At first, it appeared as if violent crime dropped in the neighborhoods where "broken windows" policing was in force. The statistics, however, told a different story.

But the idea remains popular, despite evidence it likely had only modest effects.

The election of Donald Trump came as a shock to many Americans, but perhaps most of all to those in the business of calling elections. The pollsters on both the left and the right had confidently predicted Hillary Clinton would walk away with the race. They got it wrong. But one man did not: Allan Lichtman.

On Sept. 23, Lichtman, a historian at American University, declared that Trump would win, and he stuck by that call through the tumultuous final weeks of the campaign.

In 1969, Philip Zimbardo, a psychologist from Stanford University, ran an interesting field study. He abandoned two cars in two very different places: one in a mostly poor, crime-ridden section of New York City, and the other in a fairly affluent neighborhood of Palo Alto, Calif. Both cars were left without license plates and parked with their hoods up.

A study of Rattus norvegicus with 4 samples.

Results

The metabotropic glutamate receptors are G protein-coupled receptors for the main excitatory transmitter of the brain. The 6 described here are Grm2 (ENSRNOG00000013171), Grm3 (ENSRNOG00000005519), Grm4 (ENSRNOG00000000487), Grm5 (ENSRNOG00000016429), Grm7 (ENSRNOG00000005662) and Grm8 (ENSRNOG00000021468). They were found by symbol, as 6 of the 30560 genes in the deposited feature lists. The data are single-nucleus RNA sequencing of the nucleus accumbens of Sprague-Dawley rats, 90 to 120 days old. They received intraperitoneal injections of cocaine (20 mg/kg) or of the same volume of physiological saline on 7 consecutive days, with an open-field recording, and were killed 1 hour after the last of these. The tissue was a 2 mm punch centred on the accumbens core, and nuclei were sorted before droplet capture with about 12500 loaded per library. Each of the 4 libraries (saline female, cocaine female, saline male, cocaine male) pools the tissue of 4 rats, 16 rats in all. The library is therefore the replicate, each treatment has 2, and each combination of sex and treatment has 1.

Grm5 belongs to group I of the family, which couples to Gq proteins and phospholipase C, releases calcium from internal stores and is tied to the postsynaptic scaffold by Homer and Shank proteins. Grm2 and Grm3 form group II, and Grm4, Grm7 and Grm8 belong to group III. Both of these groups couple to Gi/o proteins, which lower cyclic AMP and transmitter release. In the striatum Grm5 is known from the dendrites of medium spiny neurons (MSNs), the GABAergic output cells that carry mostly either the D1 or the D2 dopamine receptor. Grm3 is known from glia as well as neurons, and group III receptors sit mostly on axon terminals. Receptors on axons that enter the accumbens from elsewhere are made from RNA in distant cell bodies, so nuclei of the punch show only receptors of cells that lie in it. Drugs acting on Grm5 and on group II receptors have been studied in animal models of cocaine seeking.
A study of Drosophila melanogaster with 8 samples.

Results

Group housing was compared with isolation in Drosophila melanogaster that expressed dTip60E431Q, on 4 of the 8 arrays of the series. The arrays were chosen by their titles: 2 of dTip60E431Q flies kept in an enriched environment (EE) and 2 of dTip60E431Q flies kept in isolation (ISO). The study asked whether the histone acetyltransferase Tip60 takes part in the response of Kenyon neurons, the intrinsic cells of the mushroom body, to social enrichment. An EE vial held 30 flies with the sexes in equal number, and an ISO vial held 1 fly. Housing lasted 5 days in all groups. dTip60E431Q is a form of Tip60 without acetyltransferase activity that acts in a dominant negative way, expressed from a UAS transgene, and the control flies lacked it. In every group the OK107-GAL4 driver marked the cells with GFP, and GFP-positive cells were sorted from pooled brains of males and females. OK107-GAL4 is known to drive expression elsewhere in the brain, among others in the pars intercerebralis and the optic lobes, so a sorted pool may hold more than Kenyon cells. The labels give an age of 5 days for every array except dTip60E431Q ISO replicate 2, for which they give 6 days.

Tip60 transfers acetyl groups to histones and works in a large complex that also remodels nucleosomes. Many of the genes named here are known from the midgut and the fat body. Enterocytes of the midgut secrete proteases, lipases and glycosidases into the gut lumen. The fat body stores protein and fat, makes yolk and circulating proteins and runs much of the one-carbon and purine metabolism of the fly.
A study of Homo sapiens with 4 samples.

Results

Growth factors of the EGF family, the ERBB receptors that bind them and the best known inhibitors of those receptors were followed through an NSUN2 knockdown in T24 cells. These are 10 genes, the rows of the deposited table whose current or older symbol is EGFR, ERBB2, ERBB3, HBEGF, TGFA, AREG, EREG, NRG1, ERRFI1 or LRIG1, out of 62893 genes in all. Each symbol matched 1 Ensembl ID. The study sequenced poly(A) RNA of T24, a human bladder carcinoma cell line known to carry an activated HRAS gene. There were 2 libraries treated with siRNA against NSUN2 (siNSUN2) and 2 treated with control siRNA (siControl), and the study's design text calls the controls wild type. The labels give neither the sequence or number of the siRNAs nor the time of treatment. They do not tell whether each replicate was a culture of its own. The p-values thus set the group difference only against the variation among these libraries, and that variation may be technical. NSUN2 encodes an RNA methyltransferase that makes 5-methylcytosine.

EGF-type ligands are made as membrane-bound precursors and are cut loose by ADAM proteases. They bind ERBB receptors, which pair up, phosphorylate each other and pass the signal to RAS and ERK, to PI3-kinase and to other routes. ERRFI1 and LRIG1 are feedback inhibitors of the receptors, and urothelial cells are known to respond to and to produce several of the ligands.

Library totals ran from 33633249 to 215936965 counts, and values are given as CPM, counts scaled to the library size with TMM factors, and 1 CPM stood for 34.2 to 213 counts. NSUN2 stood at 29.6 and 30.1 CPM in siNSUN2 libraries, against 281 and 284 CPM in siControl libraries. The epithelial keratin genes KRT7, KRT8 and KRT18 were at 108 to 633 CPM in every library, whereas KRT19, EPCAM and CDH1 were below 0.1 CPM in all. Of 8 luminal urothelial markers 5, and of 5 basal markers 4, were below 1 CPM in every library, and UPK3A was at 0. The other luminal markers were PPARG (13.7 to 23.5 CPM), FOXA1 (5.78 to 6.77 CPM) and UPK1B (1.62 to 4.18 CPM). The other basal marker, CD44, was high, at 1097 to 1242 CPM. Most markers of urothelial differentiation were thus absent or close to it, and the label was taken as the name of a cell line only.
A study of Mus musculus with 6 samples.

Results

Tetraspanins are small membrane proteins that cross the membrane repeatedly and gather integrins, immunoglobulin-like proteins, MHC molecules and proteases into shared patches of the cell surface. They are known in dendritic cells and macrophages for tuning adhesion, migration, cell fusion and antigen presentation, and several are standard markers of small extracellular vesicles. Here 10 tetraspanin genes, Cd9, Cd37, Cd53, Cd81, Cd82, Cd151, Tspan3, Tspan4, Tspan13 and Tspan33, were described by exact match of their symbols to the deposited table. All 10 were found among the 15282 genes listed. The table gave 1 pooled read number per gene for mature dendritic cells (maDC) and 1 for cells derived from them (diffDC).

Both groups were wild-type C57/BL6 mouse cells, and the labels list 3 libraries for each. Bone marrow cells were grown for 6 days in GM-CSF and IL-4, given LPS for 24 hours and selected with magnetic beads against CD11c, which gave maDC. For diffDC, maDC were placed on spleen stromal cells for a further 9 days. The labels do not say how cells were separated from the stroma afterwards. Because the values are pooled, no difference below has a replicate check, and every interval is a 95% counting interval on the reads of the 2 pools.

If men and women had an equal shot at the White House, the odds of this happening just by chance are about 1 in 18 trillion.


Sep 12, 2016

It can happen anywhere: that moment when you gaze at the people around you and realize you simply can't understand their politics.

How can these people – be they our friends, colleagues or, worst of all, our spouses – believe as they do, when facts and reason clearly point in the opposite direction? How can they support political candidates whose views are so antithetical to our definition of common sense?

They're questions voters across the country have been asking a lot this election season – voters like Kate Burkett of Indiana and Tom Barnes of Maryland.